How Food Giant Goya Plans to Bring Latin Cuisine to the Masses
NEW YORK (AdAge.com) -- As more companies target the growing U.S. Hispanic population, Hispanic marketers are trying to extend their sales to the rest of America.
Take Goya Foods, the $1 billion U.S. Hispanic-owned food company. Founded in 1936 by Spanish immigrant Prudencio Unanue and still run by his grandchildren, Goya first catered to Caribbean immigrants, then branched out into Mexican and other Latin American foods. Now it's taking advantage of Latin food's popularity to win new customers.
"We're not making a significant distinction about being Hispanic or non-Hispanic," said Alvaro Serrano, Goya's senior marketing manager. "Although it's the same campaign platform, we wanted two slightly different executions. The two groups are at different stages in their experience with Goya. Hispanics have experienced it longer and used more than one product line. With general-market consumers, we want to make them aware of the brand and educate them on how to integrate Goya into their everyday cooking."
Besides TV and print ads, Goya does what the company calls "integrations" -- about 20 on English-language TV and 80 on Spanish-language TV last year. On Telemundo's "Diseno Popular" program, Goya's Chef Omar taught a homeowner to prepare a surprise dinner for his wife as his kitchen was remodeled around him on the popular home makeover show. And Goya did a sweepstakes with ABC that landed the winner a trip to Los Angeles for dinner with a soap star from "General Hospital."
Those integrations helped drive traffic to Goya's website from 650,000 to about 1 million visitors a month, although Goya can't tell whether they're watching, for example, videos on how to cook arroz con pollo in English or in Spanish.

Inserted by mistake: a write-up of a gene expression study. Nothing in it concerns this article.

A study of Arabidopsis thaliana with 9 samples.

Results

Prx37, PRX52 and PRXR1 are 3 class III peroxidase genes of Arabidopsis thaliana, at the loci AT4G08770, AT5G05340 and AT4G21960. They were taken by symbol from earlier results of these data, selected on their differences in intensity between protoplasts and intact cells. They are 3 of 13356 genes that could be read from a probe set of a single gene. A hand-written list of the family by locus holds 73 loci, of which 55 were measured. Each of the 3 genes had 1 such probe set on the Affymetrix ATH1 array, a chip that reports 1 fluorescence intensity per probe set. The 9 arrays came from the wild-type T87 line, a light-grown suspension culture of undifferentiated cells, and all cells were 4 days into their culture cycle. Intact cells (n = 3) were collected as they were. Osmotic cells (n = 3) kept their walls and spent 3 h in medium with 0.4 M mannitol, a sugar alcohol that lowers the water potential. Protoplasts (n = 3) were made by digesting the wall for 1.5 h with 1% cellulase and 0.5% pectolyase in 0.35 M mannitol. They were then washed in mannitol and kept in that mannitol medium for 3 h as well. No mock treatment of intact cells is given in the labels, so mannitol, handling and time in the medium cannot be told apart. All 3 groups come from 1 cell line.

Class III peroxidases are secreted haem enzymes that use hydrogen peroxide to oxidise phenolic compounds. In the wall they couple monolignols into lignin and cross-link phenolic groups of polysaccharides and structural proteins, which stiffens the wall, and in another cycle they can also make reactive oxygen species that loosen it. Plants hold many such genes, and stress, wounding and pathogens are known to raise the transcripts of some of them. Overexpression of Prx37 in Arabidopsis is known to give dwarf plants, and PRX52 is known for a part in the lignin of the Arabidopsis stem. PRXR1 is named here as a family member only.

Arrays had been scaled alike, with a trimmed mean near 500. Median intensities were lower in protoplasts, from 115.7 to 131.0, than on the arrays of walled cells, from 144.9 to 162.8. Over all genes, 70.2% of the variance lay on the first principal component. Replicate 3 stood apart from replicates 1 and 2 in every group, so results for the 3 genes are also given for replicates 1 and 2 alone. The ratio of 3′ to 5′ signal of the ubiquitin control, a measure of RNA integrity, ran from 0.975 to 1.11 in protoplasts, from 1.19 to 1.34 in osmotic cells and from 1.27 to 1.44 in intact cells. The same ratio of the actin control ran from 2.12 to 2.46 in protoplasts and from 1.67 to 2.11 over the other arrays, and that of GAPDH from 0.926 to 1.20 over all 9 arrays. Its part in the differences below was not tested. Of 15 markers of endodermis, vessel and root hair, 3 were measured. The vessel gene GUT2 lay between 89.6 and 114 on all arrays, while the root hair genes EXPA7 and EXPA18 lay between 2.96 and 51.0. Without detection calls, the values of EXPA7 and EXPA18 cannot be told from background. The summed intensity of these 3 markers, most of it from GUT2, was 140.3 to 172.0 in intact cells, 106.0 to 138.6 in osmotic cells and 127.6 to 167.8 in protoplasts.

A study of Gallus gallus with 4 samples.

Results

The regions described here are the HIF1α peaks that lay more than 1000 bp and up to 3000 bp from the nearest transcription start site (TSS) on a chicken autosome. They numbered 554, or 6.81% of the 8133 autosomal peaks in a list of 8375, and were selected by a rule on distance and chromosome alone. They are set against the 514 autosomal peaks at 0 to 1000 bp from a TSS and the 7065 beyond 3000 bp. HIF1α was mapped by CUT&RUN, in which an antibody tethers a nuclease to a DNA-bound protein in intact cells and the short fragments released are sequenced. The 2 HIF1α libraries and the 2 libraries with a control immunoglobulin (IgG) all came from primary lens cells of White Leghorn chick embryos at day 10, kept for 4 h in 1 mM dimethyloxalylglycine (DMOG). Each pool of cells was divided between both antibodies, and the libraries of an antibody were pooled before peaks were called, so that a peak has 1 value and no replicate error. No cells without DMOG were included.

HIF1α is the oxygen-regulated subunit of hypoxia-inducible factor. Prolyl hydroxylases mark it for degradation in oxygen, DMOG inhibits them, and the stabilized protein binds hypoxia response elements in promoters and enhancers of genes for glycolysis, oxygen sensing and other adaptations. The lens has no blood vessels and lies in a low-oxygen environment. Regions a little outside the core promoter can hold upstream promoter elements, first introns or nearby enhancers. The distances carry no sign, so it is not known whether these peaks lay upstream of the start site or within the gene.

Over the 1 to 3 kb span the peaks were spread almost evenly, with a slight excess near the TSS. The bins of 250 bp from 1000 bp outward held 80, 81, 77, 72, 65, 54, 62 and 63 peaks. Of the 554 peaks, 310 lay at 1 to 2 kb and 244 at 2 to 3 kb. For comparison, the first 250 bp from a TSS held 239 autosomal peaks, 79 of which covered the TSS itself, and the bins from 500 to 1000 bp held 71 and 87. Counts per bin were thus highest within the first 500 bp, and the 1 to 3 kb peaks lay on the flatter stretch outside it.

One of Goya's greatest strengths is its grass-roots distribution, tailoring product mix to a neighborhood's ethnicity. Even at one-size-fits-all Walmart Stores, which accounts for only about 10% or 15% of Goya's sales, the company is one of the few Walmart allows to stock locally.
Goya's sales grew about 10% in 2008, and the company is looking for new added-value products, such as low-sodium and organically grown beans, to boost that even further.
Each year Goya launches hundreds of new products, said Senior VP Joseph Perez, although not all survive. One flop was a granulated version of a popular beverage made by grating a block of raw brown sugar. "Apparently the fun and tradition is doing the grating," Mr. Perez said.
The company is run by CEO Bob Unanue, one of eight Unanues who work at Goya. Ads still use the company motto, "If it's Goya, it has to be good," which was coined by the founder.
As America changes, Goya sees new opportunities. It is testing concession stands at Major League Baseball stadiums, selling Cuban sandwiches and empanadas at Salsa on the Go in Yankee Stadium and opening Goya Food Latin Caf? at Houston's ballpark.
"The concession stands are working well, and we're going to see how to increase that presence in a few other ballparks," Mr. Perez said. "Maybe that's what baseball food is going to be -- taquitos and croquetas."